Moving to a new city, let alone a new country is an anxious driven experience. More so for children than adults surely. Even though my wife and I are both Canadian, we met in Dubai, got married there, and had our son there. At 7 years he visited the country but only two weeks at a time, and so when we decided to move back we had to prepare him for all the changes he would experience. We were anxious ourselves even though we know the environment and knew how things work, but being away 12+ years many things have changed, and more so we both changed in our temporary home in Dubai. Having said that for him it is a bigger transition having not lived outside of Dubai (we haven’t even changed apartments during his lifetime. Needless to say this had to be handled delicately.
Ever since we knew we would head back, we started to talk to him about the good things in Canada, this would have been well ahead of our move date – I would say a year or two before. But to take it back a little, my son is a character all his own (as more kids are). He gets anxious about the smallest thing, he is a dataphile and loves stats and data. He enjoys his comfort zone, and get irritated when there is a lot of change all at once. You may say he’s borderline Autistic, ADD, OCD, Anxiety prone, whatever it is he is who he is and I’m not to diagnose him with all this B.S. I treat him with respect, give him attention and love, and discipline him regularly to keep him in line which he responds to well. I know how he operates, and I know he hates being left alone free to explore, for other kids that maybe the way to go. So know your child well, and what they respond to. This won’t come from doctor diagnoses, this comes from arguing with them, taking about life even if most of it goes over their heads, you’ll quickly see what their priorities are in those complicated topics, and by playing with them.
Luckily he’s not completely averse to change, but not permenant change. He travels everywhere with us, which is another way we can undertsand his personality, and he loves trying new things (on a short temr basis). He’s also changed enough classes to not have life long school friends, but get alogn with everyone. His English is great and he’s on top of pop culture.
Still, when we moved he had problems in school, especially since his popularity was quiet strong in Dubai, and when he realised he’s not as popular (still has friends) he became frustrated – he was used to the attention. I compensated by giving him attention at home but talking to him about realities of life, not everyone will like you, not everyone wants to play with you. Why? He asks, well different people want to do different things, nothing can be forced. Give it time, either they will play with you later or you’ll realise there are plenty of other things you can do.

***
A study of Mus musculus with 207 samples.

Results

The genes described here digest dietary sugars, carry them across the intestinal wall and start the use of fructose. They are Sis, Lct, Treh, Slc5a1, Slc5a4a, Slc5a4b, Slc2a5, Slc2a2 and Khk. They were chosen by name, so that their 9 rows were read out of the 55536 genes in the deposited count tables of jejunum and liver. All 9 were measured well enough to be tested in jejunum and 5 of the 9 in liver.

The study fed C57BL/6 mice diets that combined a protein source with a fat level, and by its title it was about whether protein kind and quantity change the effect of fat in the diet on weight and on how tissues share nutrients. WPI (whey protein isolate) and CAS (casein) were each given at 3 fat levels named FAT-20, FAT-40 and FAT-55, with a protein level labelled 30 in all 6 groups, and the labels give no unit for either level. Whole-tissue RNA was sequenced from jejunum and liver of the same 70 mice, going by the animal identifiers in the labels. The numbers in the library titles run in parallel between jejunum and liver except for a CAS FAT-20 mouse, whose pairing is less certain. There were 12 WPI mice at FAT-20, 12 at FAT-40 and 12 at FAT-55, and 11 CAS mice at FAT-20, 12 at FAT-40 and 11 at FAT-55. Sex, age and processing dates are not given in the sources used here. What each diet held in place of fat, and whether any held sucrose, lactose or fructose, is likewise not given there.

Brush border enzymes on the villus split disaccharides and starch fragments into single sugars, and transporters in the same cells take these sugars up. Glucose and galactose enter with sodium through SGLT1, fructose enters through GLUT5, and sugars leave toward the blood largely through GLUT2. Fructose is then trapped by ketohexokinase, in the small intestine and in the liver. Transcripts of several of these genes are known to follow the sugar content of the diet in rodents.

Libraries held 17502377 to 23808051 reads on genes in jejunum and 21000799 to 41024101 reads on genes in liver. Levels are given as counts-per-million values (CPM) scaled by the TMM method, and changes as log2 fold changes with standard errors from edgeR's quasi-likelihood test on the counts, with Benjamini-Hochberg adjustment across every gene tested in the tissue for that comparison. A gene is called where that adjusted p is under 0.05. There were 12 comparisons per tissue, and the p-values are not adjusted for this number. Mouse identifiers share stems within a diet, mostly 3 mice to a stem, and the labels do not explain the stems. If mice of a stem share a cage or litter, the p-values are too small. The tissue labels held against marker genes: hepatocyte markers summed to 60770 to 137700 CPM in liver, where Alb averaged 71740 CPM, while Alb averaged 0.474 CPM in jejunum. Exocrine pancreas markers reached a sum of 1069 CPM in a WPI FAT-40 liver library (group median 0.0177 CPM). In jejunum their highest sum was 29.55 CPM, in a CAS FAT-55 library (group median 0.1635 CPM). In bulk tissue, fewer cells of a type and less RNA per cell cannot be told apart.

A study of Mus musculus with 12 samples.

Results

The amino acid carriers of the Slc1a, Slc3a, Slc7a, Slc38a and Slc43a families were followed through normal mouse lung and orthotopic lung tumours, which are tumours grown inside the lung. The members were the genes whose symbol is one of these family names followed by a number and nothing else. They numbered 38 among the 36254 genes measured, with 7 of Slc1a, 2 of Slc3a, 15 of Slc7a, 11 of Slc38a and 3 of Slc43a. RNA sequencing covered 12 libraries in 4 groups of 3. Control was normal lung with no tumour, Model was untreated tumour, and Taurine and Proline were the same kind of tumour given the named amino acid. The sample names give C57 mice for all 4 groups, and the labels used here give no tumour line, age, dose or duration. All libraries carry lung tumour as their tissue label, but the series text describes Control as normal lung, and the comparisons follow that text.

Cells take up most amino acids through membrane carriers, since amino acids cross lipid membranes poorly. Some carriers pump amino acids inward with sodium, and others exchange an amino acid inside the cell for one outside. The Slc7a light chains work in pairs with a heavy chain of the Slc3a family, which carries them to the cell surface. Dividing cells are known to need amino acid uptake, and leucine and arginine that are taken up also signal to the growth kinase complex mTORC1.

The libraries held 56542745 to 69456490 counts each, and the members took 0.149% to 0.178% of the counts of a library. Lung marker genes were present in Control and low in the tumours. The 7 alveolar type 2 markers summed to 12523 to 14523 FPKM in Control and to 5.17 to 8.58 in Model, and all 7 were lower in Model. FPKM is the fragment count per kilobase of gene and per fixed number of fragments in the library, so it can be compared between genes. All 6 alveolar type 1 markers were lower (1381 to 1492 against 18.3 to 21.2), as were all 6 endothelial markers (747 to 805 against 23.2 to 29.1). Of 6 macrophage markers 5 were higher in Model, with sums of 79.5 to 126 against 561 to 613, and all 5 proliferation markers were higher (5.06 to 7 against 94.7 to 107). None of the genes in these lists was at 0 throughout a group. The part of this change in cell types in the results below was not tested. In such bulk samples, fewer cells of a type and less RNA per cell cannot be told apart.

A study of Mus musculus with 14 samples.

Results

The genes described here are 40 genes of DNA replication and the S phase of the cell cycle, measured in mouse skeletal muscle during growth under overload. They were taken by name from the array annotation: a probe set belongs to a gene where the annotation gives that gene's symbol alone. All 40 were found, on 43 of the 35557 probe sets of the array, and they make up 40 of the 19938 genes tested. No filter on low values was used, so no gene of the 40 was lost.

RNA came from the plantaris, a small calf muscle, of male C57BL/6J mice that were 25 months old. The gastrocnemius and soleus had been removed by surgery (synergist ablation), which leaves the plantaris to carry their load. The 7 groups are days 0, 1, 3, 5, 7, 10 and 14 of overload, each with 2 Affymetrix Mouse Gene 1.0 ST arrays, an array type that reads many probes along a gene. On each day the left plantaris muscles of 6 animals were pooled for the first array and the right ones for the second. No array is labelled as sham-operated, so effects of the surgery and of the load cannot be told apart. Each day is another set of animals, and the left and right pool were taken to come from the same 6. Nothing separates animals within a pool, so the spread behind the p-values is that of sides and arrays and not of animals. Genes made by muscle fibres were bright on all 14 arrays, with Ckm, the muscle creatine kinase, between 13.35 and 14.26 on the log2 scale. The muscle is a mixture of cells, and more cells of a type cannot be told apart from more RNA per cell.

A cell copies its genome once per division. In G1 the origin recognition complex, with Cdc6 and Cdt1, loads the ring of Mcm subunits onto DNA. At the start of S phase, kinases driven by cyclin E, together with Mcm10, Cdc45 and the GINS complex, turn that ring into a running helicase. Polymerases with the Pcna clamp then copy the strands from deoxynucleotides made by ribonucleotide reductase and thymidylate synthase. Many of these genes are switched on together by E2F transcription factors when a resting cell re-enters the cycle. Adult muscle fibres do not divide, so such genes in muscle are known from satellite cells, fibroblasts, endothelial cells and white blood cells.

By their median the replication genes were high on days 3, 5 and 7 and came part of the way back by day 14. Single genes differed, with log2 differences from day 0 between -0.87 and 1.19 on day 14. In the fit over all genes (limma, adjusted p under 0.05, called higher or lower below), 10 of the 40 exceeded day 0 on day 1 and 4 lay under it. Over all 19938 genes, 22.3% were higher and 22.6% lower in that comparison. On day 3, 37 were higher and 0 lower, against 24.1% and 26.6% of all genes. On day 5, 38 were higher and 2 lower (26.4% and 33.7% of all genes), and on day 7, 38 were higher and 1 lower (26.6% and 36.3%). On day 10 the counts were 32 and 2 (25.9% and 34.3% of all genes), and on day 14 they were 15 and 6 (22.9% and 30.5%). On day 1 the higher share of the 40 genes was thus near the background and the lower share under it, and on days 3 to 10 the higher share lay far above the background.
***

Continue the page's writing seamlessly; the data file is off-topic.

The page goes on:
We’re not big on play dates so he needed to sort it out in school and deal with it, eventually he was ok. In Dubai he was spoiled for choice when it came to eating out, and going out almost every other day. That stopped. But rather than avoiding it abruptly I would take him mid week on a school night to a café or indigo book store to break the week and soften the blow. We automatically signed him to community activities, Karate (which he did – and hated – in Dubai, still hates it so that was consistent), swimming and ice skating. Even if nothing else, he got to see kids outside of school, and even if he didn’t make any friends, it gives him a sense that school is not his entire world.
On that same vain, of school not being his entire world, we would go on road trips, see family and friends even if they don’t have kids, play lots of board games, and yes even Nintendo switch. Yes, they are distractions, but gives him a small amount of comfort zone to take a breather before he has to face some more new changes to his life. He’ll grow out of it, but cold turkey scars rather than helps. I believe softening the blow, maintaining some of the things he used to do, within reason, and slowly phasing those out. That period of adjust makes or breaks his overall attitude during the change and for years to come.
But that’s my kid, and that’s how his personality works – know your kid and what they respond to. There is no one solution fits all, but almost always softening the adjustment period by maintaining some things and slowly phase them out is a help. Eventually they’ll get older and they’re issues will change anyway (in whatever setting they are in).